Tour Diary: Cork to the Gower: Barley Soup, sinking boats and a gamut of stars

Monday 23rd April 2012

I make my way to the breakfast room around 9.30am and like I do most mornings, I leave Art to get ready in our room in peace. Jack is also an early riser so like most other mornings the two of us sit and share breakfast, today overlooking Cork docks. It’s like a holiday.

We head off from the hotel around noon and after twenty minutes we are in Cobh. Cobh, formerly Queenstown (named after Queen Victoria), had changed its name after independence. It was also the last port of call for the Titanic on 11th April 1912 before she took that fateful journey to New York. The town is picturesque and dominated by a slate grey Cathedral, St. Colman’s, which stands proud on the hill. We park next to the cathedral, the wind and rain lashing at us from up here on the rise. The town itself also nestles on the hill with multi-coloured housing sticking out of the slope like crooked teeth.

The seafront is composed of a collection of hotels, cafes and souvenir shops. In the front window of one souvenir shop they have photos of children with their homemade Titanic models. There is a very short Victorian promenade; jutting out into the water it was the original jetty that people used to board the Titanic. It is wooden and rotting. We pass another sad monument in the form of some figures, wet and distressed, like corpses walking. This is the monument remembering the sinking of the Lusitania, just off the coast here, during World War I. It seems Cobh has had its share of maritime disasters. We walk further along the seafront, skim stones and walk along the concrete sea wall, heavy with seaweed. The sun comes out.

As we walk a man recognises us from the Cork gig and recommends a few places to eat. We end up in Gilbert’s Restaurant where we eat homemade breads and cream of barley soup, which the waiter informs us was the soup that was served in first class on the Titanic. A quick stop off at Auntie Annie’s Old Sweet Shop, stuck behind children building up a sweet bag for one Euro and we are back on the road. Our next stop is Ardmore. We drive up to the ruins of Ardmore church which sits on a hilltop overlooking the most gorgeous view of a bay I have ever seen. The sea is blue and the waves foamy. The church sits on the ruins of St Declan’s Abbey. The church was built in the twelfth century but now it is simply walls and pillar stumps. A frieze still exists on one wall and depicts the judgement of Solomon and the visitation of the Magi. Within the ruins itself sits an Oghan Stone, which looks ancient and knowing. The surrounding graveyard surprisingly contains graves from as late as the 1960s and 1970s. They look incongruous next to the ancient remnants of their ancestors. The name Keeler crops up throughout the centuries. It’s not hard to work out they are a local family as the pub on the way into town was named Keelers.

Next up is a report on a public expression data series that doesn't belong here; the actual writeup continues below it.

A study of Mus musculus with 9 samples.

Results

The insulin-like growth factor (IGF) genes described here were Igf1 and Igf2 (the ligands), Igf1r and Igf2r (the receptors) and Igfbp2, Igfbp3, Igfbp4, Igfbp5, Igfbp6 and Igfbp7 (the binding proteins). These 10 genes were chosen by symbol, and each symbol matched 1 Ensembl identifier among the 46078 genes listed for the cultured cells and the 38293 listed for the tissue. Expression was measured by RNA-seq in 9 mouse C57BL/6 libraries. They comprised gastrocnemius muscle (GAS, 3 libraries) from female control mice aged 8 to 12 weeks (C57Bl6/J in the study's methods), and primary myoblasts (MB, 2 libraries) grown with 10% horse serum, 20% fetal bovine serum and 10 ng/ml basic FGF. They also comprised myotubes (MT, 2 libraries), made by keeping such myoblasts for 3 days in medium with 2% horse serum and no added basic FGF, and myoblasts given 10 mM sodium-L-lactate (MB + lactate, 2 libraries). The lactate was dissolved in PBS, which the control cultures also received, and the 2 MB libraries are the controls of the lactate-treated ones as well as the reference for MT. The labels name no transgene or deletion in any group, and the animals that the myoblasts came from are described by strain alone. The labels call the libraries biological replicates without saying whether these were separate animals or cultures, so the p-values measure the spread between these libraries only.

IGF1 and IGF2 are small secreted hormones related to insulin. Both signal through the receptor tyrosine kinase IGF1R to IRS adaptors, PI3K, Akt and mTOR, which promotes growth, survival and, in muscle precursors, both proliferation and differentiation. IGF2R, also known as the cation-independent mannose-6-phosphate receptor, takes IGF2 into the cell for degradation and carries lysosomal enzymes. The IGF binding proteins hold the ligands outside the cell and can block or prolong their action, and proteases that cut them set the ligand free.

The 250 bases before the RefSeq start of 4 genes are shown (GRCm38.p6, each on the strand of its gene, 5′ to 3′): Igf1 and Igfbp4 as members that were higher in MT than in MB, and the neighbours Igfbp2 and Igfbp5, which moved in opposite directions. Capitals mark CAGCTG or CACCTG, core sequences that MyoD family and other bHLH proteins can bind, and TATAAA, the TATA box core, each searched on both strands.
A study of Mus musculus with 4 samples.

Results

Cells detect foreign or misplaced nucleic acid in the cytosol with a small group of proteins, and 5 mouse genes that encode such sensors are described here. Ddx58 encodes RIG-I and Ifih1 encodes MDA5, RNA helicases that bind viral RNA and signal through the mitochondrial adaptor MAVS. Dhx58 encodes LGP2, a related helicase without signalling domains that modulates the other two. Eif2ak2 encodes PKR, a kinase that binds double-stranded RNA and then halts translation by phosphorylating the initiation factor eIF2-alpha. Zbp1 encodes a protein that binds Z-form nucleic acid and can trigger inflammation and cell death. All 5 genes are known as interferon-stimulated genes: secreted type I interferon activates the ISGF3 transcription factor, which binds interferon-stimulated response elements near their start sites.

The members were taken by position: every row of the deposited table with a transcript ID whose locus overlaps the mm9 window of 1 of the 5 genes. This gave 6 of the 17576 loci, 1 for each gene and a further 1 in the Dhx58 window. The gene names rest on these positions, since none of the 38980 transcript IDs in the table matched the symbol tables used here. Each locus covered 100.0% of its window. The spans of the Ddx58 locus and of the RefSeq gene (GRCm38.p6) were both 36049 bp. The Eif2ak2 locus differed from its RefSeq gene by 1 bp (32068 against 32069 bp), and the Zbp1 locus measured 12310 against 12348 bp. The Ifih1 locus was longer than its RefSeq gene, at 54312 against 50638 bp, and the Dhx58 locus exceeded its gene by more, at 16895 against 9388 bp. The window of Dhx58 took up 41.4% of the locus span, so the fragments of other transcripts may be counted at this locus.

Within the graveyard stands a round tower (built circa 1170) which the monks used to protect precious books and relics during attacks from local chieftains. It is thirty metres tall and perfectly preserved. The tour of the grounds puts our minds at rest. We briefly visit the bay itself watching the waves meet the sand.

And so we move on around the south east tip of Ireland. Next we stop at another small beach called Balmohonal where the sand is spotted with pink granites and we watch the gulls dive bombing into the surf in search of fish. It is so peaceful. We follow the ‘Copper Coast’ and come to our final most arresting view. We park near an abandoned shaft mine complete with chimney. The grass to the right of the road gives way to cliff edge and a view of the most sublime stack of sea rocks. The light is golden and we lay on a jut of earth just on top of the cliff. Someone has left a mattress in the soft springy grass. Hold a moment for peace.

Now we are in the van for good, we pass Dungarvan, Killeagh, Tranmore. We stop at a small lakeside town called Passage East with its lobster pots stacked on the stony quays, catching a ferry over into County Wexford and Arthurstown, leaving Waterford and Annestown behind us. Throughout the journey the views across the coast, with their rock stacks and lakes are stunning. We arrive is Rosslare at 8pm in time to catch the 9pm Stena ferry to Fishguard. The sublime visions of nature gone now, replaced by brightly lit yellow signs, adverts for vodaphon and all the other baggage of civilisation. When the captain announces that someone has left a pink Blackberry on deck, Simone and Jack shout my name out loud.

The ferry crossing is choppy and we all feel a bit queasy. Staff recommend to Art (who is suffering the worst) that he should get some fresh air. Me, Simi, Aurora and Art head for the deck. It is cold and the wind takes my breath away, which is alarming at first. I look out into the dark water and think of the people on the Titanic, think of all the sailors that have died in the icy depths of the Irish Sea. I think and I am scared; it’s black beyond the immediate side lights of the ferry, nothing but the odd small light from a fishing boat. The vastness is almost overwhelming.

We arrive in Fishguard at 12.20am and Jack drives us to Swansea where we stop on Arthur’s Stone, the highest point in the marshland of the Gower Peninsula. The stars are wondrous and we stand for the briefest moment gazing upon Mars.